On June 16, 2010, Amy Goodman’s Democracy Now hosted a roundtable discussion on energy that included Amy, Michael Brune, Executive Director of the Sierra Club, Monique Harden of Advocates for Environmental Human Rights, and Amory Lovins, founder of the Rocky Mountain Institute. The quartet spoke for 30 minutes and covered a wide variety of ideas and goals. The discussion was billed as a conversation to “explore concrete ways that this country might finally move away from a fossil-fuel economy.”
Here is the amazing thing – not once during the entire discussion was the word “nuclear” mentioned. I heard the roundtable for the first time during my commute on Thursday, June 17. I listened again carefully this morning. I even performed some searches on the page that contains the transcript. The results were pretty interesting. “Coal” showed up 28 times, “oil” showed up 52 times and even “gas” was mentioned 6 times – nearly all of the times that each of these were mentioned, the discussion was about replacing them. On the solution side, the word “renewable” was only mentioned twice while “clean” was mentioned 22 times.
The word “nuclear” did not get a single mention. I consider the avoidance of the “n-word” and the frequent use of the word “clean” vice “renewable” from this particular group of commentators to be a tremendous victory. Perhaps I am completely off base here, but word selections from people who make their living by talking can have meaning. The words and phrases used during this roundtable hint that there may be some interesting discussions taking place at the very upper levels of organizations and groups that have been fighting nuclear energy developments for several decades.
It should be evident to anyone who steps outside on occasion that wind and solar are not capable of producing reliable power on their own. For that task, there are essentially five choices available – coal, oil, natural gas, hydroelectric, and nuclear. On several occasions during the discussion, one participant or another listed their goals and orders of precedent for replacing current sources of power. Here is an example from Michael Brune:
But just as the coal and oil industries are integrated, so are our solutions, that our solutions are integrated at the same time. So, the way we need to get off oil, part of what Amory was suggesting was to electrify transportation by moving many of our cars and trucks, passenger vehicles, off of oil and onto the electrical grid. But then we need to clean the grid. We need to make sure that we’re chasing out all of the remaining fossil fuels, the tiny bit of oil that’s still used to produce electricity, the massive amounts of coal that’s used to produce electricity, and then eventually we need to transition off of natural gas at the same time.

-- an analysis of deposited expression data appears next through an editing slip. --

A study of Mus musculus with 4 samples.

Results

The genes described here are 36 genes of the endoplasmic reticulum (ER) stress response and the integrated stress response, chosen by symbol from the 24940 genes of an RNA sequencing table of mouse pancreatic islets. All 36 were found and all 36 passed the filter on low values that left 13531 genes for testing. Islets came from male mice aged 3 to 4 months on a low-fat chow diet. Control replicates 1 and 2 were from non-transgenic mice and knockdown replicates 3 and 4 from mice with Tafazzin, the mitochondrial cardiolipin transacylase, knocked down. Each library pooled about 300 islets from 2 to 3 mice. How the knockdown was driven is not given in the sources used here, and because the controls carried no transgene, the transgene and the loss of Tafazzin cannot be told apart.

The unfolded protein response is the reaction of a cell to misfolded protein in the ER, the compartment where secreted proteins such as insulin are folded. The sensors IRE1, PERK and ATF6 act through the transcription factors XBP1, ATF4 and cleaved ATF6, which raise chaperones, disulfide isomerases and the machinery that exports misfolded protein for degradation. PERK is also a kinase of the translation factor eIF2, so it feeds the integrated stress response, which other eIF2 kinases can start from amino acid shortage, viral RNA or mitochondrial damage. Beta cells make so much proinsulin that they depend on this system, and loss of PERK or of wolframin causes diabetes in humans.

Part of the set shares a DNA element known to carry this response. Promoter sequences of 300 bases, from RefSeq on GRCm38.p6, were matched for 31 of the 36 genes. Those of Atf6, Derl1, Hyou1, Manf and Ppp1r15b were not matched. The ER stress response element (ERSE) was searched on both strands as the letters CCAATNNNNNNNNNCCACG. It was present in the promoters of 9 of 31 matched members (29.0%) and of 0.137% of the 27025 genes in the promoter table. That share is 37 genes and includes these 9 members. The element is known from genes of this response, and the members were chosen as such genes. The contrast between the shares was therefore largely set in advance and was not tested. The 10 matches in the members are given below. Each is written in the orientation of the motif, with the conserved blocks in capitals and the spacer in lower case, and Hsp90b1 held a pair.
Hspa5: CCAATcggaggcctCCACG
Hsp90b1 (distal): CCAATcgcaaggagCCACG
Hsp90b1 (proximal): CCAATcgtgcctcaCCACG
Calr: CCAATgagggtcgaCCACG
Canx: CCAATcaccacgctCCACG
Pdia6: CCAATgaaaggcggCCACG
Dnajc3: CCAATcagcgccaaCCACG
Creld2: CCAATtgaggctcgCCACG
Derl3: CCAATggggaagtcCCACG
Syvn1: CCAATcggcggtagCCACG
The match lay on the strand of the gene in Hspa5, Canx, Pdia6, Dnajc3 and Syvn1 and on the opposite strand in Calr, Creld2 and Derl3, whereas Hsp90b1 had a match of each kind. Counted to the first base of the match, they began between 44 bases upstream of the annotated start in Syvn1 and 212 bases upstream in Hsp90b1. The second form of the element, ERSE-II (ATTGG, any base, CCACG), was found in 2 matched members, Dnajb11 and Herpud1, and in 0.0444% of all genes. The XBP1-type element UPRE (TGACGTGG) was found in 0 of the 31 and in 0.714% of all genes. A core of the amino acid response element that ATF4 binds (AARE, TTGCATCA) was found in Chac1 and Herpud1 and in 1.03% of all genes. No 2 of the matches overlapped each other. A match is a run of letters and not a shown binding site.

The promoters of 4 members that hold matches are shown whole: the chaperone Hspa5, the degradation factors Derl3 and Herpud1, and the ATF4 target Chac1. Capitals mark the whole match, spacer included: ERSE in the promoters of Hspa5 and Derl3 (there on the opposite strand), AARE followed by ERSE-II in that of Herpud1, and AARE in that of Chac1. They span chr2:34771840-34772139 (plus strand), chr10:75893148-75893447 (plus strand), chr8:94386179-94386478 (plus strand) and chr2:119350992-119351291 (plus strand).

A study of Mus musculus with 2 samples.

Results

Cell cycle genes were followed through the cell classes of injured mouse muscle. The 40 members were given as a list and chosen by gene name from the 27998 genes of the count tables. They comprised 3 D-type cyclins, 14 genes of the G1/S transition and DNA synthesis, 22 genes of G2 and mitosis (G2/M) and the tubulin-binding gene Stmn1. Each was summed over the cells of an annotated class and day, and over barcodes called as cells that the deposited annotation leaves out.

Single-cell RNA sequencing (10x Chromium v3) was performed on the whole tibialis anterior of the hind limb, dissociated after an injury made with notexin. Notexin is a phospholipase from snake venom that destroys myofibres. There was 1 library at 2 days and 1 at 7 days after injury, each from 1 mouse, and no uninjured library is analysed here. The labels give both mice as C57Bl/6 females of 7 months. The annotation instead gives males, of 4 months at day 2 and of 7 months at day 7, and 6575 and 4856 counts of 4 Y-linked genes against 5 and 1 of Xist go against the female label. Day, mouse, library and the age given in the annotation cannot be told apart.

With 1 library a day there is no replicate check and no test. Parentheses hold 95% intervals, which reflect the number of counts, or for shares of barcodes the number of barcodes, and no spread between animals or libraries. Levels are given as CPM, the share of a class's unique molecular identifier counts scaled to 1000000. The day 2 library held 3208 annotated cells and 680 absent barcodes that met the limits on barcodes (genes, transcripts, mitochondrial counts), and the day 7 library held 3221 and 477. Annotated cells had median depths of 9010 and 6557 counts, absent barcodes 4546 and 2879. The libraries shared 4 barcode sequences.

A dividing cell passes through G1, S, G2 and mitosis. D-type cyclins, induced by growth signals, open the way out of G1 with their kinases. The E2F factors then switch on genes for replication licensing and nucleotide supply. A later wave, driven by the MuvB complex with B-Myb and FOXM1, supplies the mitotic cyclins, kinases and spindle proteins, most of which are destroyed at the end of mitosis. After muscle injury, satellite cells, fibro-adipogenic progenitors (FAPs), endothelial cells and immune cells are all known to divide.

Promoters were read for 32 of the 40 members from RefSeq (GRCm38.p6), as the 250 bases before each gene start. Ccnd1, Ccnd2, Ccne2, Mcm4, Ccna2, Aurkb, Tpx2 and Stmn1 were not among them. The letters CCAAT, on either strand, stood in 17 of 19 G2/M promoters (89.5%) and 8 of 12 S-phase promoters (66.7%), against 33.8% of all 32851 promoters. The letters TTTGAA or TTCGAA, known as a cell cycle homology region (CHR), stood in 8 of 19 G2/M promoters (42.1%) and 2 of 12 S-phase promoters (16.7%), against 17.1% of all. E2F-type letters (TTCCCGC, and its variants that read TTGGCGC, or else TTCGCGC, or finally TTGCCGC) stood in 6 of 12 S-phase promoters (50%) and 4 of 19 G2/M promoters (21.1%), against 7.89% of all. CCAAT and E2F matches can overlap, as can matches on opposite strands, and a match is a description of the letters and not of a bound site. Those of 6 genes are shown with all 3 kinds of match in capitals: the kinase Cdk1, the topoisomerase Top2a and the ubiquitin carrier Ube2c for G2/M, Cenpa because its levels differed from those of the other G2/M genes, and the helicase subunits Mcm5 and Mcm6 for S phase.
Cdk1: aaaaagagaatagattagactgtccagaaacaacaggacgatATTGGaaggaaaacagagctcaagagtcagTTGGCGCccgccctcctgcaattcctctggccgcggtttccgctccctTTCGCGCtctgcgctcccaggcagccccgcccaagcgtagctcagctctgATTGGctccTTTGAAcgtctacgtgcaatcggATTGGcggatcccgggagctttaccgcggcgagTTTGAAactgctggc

And here is a passage where Amory Lovins is the speaker:
Well, the President made two very interesting shifts in language in his speech. One is from just oil to talking about ending the addiction to fossil fuels, so that refers also to coal and ultimately, indeed, to natural gas. And second, he started a very interesting exercise in consensus building, because he pointed out that this has cost — our dependence on fossil fuel has cost not only to our economy but also to our national security and our environment. And I think that starts a new conversation of a new kind in energy policy, because we’ve always supposed people had to want the same things we wanted in energy for the same reasons. So if you had different priorities than somebody else, you couldn’t agree on the outcome. What the President started to do here is to say, let’s focus on outcomes, not motives, and then we can build a strong consensus. Whether you care most about national security or environment or economy, we ought to do the same things about energy. And if we do the things we agree about, then the things we don’t agree about become superfluous.
If Lovins is truly interested in outcomes, building consensus based on what we agree upon and recognizing that national security, environment and economy all have a role to play in the prioritization of action, then it is possible that Amory Lovins and I can agree on a path forward for clean energy development. He can keep his 4,000 square foot home with the bananas growing inside, as long as he halts his effort to discourage the use of nuclear energy by declaring that it is simply too expensive to even consider.
Here is my offer – I agree that choosing to slowly build frightfully expensive nuclear energy production facilities would be a poor path to a clean energy future. That course of action would crowd out other alternatives, make most of us significantly poorer, and probably lead to a less stable world. However, that is not the outcome that will happen if we build reliable, cost-effective, reasonably regulated nuclear energy plants on time and on budget. It will not happen if we seek to operate the plants that we have in a cost effective manner that includes the kind of careful preventive and corrective maintenance that can enable indefinite life extensions.
Under such circumstances the outcome of enabling nuclear energy development and encouraging its effective use would be to make it possible for a clean energy future that really does step away from the current dominance by fossil fuels, fossil fuel related banks and fossil fuel influenced governments.